I do not know how to play chess, but I was interested in the orders I perceived to govern the game—the hierarchy among the pieces on one side; the articulation of an equal but opposite side; and the hierarchy among the pieces of that other side.
I was interested in kinships among objects. I wanted to create sets of things, memorable and whole, so that a game of chess could, theoretically, be played. It was important that the pieces of one side hold together and in a way that made them inarguably other, as different from the opposing side as “black” is to “white.” The hierarchy within each family was also incredibly important. Each piece has it’s own particular import, behaviors, and associations and I needed to retain and wanted to build those. I liked that by placing a candle in the place of a knight, it redescribed the candle and the knight AND the objects flanking the candle.
I was also very interested in how all of the pieces that occupied the same spot in succession came to fall under that name or sign and, as a collection, became a new definition of that title. READ MORE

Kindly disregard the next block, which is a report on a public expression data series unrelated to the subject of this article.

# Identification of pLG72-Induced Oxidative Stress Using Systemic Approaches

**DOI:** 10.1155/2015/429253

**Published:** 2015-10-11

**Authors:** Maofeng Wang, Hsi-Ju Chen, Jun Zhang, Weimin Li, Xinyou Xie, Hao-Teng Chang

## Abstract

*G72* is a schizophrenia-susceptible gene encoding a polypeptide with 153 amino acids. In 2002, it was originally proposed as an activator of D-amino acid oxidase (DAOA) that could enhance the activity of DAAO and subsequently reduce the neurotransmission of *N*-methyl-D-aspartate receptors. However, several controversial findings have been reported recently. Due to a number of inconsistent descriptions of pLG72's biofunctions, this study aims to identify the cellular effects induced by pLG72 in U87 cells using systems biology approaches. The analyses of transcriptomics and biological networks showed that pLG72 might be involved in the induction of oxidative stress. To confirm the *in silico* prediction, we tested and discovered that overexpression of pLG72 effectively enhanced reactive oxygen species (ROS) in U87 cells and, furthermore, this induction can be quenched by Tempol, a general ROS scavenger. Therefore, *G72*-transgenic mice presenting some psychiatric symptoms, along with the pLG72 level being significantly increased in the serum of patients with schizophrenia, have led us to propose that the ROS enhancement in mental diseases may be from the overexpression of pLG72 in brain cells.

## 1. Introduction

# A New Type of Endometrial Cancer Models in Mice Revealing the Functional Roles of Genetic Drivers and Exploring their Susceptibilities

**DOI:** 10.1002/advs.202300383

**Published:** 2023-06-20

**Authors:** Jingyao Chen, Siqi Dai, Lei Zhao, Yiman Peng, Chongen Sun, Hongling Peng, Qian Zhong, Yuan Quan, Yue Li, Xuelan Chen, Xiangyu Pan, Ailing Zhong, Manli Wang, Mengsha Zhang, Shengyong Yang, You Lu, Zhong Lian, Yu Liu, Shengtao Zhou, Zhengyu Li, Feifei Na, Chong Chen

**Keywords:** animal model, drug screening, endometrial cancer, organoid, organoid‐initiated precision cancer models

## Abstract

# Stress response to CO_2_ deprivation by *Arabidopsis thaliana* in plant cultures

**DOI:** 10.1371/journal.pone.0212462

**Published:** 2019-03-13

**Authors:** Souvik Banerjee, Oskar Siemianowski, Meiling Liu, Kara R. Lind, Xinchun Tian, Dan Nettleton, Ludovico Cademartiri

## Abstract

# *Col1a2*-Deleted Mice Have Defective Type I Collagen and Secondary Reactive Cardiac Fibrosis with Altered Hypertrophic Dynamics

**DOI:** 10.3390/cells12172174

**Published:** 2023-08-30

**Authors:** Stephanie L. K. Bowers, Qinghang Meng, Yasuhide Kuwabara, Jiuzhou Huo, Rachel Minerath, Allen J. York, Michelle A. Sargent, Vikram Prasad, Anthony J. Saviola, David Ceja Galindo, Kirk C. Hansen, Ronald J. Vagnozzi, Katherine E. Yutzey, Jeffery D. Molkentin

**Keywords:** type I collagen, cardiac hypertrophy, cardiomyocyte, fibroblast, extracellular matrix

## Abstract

I have presented the project as a slideshow, in which I described the relationships I found among all the pieces. I also made a book that documents and describes all of the sets: Photographs of various chess sets are interspersed with diagrams and descriptive texts
The four photos below are “Religious Monarchy v. Scientific Democracy” in studio; “Coordination with Others v. Personal Comfort” in a bathroom at the Chatham Wayside Inn; “Adult Palette v. Child Palette” at Three Brothers’ Diner; and “Not Flat v. Flat” in a friend’s living room. Under each title, chess pieces relate via word play, color association, presupposition, and personal observation.